Residents, City Council Attack FAA Airplane Reroute Decision
Plan proposes more overflights for fewer people.
In a decision likely to upset some Southwest Minneapolis homeowners but please others, a committee that advises the Metropolitan Airports Commission (MAC) on airplane noise voted to endorse an FAA plan to reroute flights over Southwest Minneapolis.
The FAA hopes to use two new technologies, called RNAV and PBN, to shunt flights into narrow departure corridors. The technology will make air traffic control safer, the FAA says.
See the numbers of planes brought in by the new navigational technologies, called RNAV and PBN.
Southwest Minneapolis' legislators are attacking the proposals and calling for more time.
"It's a quality of life issue," Fulton resident Sara Thompson told Patch.
Thompson and her block are trying to organize their fellow Minneapolitans to lobby MAC representatives and state legislators to block the implementation of new systems, at least for now. They appear to live right under one of the proposed new flight paths, and have started circulating a petition opposing the changes and calling for more study of their impact.
"Maybe this technology will need to go forward," she said, "But we need to have a discussion about where they’ll go. When they rebuilt the Crosstown Highway, there were many more discussions and opportunities for public input."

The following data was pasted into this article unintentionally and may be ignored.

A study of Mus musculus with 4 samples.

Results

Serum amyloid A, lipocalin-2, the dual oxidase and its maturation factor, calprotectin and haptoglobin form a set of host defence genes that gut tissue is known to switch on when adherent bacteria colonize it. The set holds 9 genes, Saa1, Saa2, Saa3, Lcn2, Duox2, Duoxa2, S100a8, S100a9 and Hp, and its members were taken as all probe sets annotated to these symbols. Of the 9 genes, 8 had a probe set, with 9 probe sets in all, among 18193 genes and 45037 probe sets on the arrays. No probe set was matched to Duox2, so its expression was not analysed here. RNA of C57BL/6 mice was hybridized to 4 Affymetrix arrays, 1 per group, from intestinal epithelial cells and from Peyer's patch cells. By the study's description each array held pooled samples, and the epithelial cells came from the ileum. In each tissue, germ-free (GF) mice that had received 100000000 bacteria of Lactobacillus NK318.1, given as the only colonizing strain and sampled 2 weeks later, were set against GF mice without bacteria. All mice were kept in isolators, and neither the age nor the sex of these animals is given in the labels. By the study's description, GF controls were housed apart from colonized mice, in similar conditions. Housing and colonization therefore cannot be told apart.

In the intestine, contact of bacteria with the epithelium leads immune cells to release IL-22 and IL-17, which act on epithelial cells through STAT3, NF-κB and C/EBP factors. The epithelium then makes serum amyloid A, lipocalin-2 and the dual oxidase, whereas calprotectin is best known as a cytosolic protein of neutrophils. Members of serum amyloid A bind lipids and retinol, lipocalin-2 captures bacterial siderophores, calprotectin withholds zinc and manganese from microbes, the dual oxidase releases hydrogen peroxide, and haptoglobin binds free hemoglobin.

Thompson hit out at what she believes was the FAA's failure in publicizing the changes. She said she and her neighbors only found out about the public hearings a week before they were to take place. When Thompson tried to find out more information about the changes from the MAC officials and the Noise Oversight Commission, she said she was given incomplete and confusing information.
"What makes me angry is that it’s not my job or my expertise to sort through this and figure this out," she said. "If they want to reassure us it won’t be that terrible, they should let us know. If it’s really going to be that terrible, they should tell us what they’ll do to mitigate that."
According to Minnesota Public Radio , many people testifying at Wednesday's meeting of the Noise Oversight Committee repeated Thompson's charge.
According to the Star-Tribune, Minneapolis City Councilmembers echoed that sentiment in interviews Thursday.
“I’m part of the (city's) airport working group and I feel like I’m totally confused," Councilmember Elizabeth Glidden (Ward 8) told the Star-Tribune.
The Noise Oversight Commission will hear complaints from Minneapolis officials about the public engagement process on Monday, the paper reports, citing City Councilmember John Quincy (Ward 11) .
Hogan, the MAC spokesperson, said communications problems were sometimes exacerbated by the different authorities responsible for the airport. The Noise Oversight Committee was not technically part of MAC but rather an independent advisory body, and the navigation technology changes are the FAA's responsibility, he said.
"They're the ones with the authority to move airplanes around the airport," he said. "We rely a lot, in any case, on the cities with representatives on the Noise Committee to reach out to their constituents to let people know what's going on."
So far, it appears that Thompson's and others' lobbying efforts will bear fruit—Southwest Minneapolis’ state Sen. Scott Dibble told Patch in a phone interview that he and other local legislators oppose the MAC decision.
MAC will vote next week on whether to endorse the technology changes sought by the FAA, MPR reports . If it does not endorse the changes by the end of November, it reports, the FAA will have to delay implementing the changes for at least a year.